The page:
Peter Paddon will compete in the full Australian Prototype Series (APS) season in 2020, with the Radical Australia Cup (RAC) veteran recently confirming his place in the series.
Paddon is no stranger to the series, having competed in multiple rounds over the past few years as a way to gain more seat time and prepare for the RAC.
However the three-time RAC series winner is looking for a change of pace this year as he intends to compete in every round of the APS for the first time in his decorated career.
After taking a step back in 2019 to focus on family and only compete in select rounds, the New South Welshman revealed there was few factors behind his decision to return to the APS.
“I am really excited to race in the series because there are a couple of things I really like about it,” Paddon said.
“Having done a couple of APS rounds in the past, there have been times where the racing has been good and times where it’s been a bit lonesome, however I’ve had a few good battles recently against the likes of Carmelo Bonaventura, so I am looking forward to being there for a full year.
“There is a big overlap with the RAC this year too and I really like the ability to do it as a dual round. Six practice sessions, two qualifying sessions and five races in a weekend – It’s a great weekend of motorsport.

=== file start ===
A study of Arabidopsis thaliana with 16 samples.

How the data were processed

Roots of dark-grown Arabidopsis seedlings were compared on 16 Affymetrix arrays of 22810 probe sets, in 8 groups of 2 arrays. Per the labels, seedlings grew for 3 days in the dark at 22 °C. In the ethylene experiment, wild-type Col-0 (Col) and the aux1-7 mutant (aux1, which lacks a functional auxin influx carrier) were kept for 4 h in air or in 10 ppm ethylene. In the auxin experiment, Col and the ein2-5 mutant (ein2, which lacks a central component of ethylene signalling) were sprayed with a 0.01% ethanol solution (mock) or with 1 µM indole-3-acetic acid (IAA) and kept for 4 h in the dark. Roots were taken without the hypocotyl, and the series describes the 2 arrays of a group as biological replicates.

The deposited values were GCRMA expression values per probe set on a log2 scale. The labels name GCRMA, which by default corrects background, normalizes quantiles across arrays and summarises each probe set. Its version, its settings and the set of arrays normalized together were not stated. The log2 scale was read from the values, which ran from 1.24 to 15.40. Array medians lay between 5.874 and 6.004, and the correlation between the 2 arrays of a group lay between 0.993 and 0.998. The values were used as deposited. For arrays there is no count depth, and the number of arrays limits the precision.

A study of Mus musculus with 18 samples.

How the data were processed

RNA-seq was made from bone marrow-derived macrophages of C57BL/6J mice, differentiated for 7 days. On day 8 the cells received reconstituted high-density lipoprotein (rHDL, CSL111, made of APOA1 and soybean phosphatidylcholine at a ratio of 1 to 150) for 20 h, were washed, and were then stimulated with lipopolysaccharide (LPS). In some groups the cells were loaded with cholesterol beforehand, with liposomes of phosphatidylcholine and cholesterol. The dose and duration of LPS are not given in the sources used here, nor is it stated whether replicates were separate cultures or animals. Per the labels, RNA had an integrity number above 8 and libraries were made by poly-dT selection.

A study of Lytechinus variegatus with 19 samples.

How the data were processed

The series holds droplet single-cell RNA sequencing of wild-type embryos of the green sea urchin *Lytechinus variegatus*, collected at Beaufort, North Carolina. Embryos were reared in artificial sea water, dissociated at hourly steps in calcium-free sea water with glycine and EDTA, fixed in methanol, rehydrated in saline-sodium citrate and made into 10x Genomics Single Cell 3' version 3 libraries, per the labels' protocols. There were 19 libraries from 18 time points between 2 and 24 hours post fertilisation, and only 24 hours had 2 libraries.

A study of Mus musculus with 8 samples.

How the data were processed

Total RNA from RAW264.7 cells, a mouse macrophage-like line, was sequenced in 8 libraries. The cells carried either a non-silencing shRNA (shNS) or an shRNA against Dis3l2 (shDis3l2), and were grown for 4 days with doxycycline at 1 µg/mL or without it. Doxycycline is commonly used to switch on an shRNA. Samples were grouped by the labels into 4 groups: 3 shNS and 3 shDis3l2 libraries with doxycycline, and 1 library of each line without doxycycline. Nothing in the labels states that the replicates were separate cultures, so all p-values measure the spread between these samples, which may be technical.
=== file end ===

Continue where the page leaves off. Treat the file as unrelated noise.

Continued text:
“It’s also cost-effective racing and I have a new Radical now so I’m keen to put some kilometres into it and figure out what it can do relatively quickly.”
Entering the series with the brand new Radical RSX and fully refreshed after his year on the sidelines, Paddon will definitely be one to look out for during the year.
Having a wealth of experience on all the tracks on the APS calendar, the 32-year-old would be forgiven for believing he could be in title contention, however he remains modest about his genuine chances– with the main objective to just enjoy the year and win the series’ Radical class.
“What I like about the APS is that there’s a series within the series with the Radicals. I know the Wolfs are going to disappear in the distance, but I should get some good battles in the midfield,” Paddon explained.
“Every race I enter, I want to do as well as I possibly can. If there is a chance to get out in front then that is what I will do. I won’t be letting people through because I am not racing them. I will be pressing hard but it’s about the class win at the end of the day.
“On the racetrack, it’ll be business as usual but there is so much more to going racing than just the action on the track, which is what I am looking forward to.
“That camaraderie around the pits and telling each other lies at dinner the night before – all that sort of thing should be great as well. I may still be the new guy but I am looking forward to getting to know the guys better and enjoying a full season.”
The Australian Prototype Series’ first round of the year takes place as part of the Production Car Nationals at Sydney Motorsport Park on 6-8 March.